With interest rates at historically low levels, many cash ISAs are now paying unattractive rates of interest, often less than can be realised from a standard savings account. As rates have been slashed by providers, do the benefits still stack up?
Cash ISAs give the opportunity to earn interest on cash without the interest being subject to tax. Over time, individuals can build a substantial tax shelter by investing their full cash ISA allowance each year. The allowance in 2009/2010 is £3600, with the curious addition of an extra £1500 allowance for anyone over 50, available from October 6th 2009. Going forward, the allowance will rise to £5100 for all in 2010.
Until recently, a common gripe of cash ISA investors was that they could get an attractive rate, but only on their allowance for the current year. Old cash ISA accounts would see their initial high rates fall away, and new accounts would not allow the transfer in of existing cash ISA funds.
The current situation is that cash ISA interest rates are historically low, but providers are again allowing transfers of existing ISAs into new accounts.
For higher-rate tax payers, they remain attractive – an interest rate of 2.5% on an ISA would beat a taxable rate of 4.16%. For basic rate tax payers, a 2.5% ISA rate beats a taxable rate of 3.2%. And don’t forget, you may only be a promotion or two from becoming a higher rate tax payer, so it could make sense for you to squirrel that money away now, if you can afford to.
The best rates tend to go to those who have either the most money in their ISA or who are prepared to tie up their money for the longest amount of time, but good deals do arise – it is up to the savvy investor to keep abreast of new offers, determine what is best for them and move quickly to avoid disappointment.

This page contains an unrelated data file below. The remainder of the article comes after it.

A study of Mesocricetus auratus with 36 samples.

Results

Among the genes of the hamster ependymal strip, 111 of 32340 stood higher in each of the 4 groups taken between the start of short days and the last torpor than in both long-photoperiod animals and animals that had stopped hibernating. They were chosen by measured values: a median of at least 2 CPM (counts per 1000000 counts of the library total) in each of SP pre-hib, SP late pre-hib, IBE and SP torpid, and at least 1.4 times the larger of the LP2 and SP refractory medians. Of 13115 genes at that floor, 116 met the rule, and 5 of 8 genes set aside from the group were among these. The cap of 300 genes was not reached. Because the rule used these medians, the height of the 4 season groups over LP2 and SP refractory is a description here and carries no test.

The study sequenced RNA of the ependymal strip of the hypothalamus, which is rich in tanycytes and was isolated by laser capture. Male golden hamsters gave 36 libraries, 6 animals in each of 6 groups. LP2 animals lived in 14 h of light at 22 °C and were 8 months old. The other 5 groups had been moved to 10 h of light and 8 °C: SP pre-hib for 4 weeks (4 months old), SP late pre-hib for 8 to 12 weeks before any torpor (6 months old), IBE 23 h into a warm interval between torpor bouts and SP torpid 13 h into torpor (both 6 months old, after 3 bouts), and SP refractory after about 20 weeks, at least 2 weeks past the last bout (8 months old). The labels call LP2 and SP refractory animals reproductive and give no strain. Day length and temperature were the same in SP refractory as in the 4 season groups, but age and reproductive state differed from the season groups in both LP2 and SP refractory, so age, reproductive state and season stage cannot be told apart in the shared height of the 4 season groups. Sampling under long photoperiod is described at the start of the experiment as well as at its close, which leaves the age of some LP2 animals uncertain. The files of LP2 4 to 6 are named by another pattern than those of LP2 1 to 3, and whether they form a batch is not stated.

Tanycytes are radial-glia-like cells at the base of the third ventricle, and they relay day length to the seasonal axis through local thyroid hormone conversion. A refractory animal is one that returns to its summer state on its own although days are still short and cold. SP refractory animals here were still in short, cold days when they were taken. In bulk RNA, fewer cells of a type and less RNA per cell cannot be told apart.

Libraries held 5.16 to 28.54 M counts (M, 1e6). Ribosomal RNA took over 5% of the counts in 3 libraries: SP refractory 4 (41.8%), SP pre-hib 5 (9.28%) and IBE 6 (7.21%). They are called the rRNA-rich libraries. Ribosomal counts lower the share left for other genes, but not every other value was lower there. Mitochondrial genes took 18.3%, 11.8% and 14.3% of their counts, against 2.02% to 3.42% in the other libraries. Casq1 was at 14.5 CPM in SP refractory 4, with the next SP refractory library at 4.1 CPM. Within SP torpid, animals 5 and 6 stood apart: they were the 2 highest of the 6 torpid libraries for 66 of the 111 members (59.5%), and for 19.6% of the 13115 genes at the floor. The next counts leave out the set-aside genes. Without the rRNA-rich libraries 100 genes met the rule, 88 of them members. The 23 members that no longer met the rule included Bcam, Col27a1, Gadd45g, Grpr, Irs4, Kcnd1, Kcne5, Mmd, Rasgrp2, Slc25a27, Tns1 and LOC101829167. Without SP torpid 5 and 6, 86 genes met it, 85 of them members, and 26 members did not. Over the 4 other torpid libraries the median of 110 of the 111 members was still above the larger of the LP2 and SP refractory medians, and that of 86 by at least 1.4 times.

Check with your bank or building society, or for the bigger picture, investigate comparison websites or the ‘best buy’ pages of the financial press.
Remember though, that what is a good deal at the time may not be so good later on. Keep an eye on your rates if they are variable, and keep a weather-eye on the overall market. Competition for investor’s cash breaks out between firms in March and April as they hustle for people using up the current tax year’s ISA allowance and investing quickly for the following tax year’s ISA allowance. This is often a good time to snap up deals.
If you do decide to switch your cash ISA to another provider, remember to take careful note of the process. Usually, your new provider will request a form completed with your old cash ISA details, and they will arrange the transfer for you. If you take the cash out in order to pay it to another provider, you will lose the tax-free status of your cash. Check with your new and current provider, and make sure you know the full rules by checking the HM Revenue & Customs website.
Pros – Tax-free shelter, ability to transfer funds between ISA providers (subject to individual terms and conditions), expected increase in allowance in future years.
Cons – Current low rates of interest, more paperwork than a standard savings account, convoluted process for transferring between providers, limit on investment.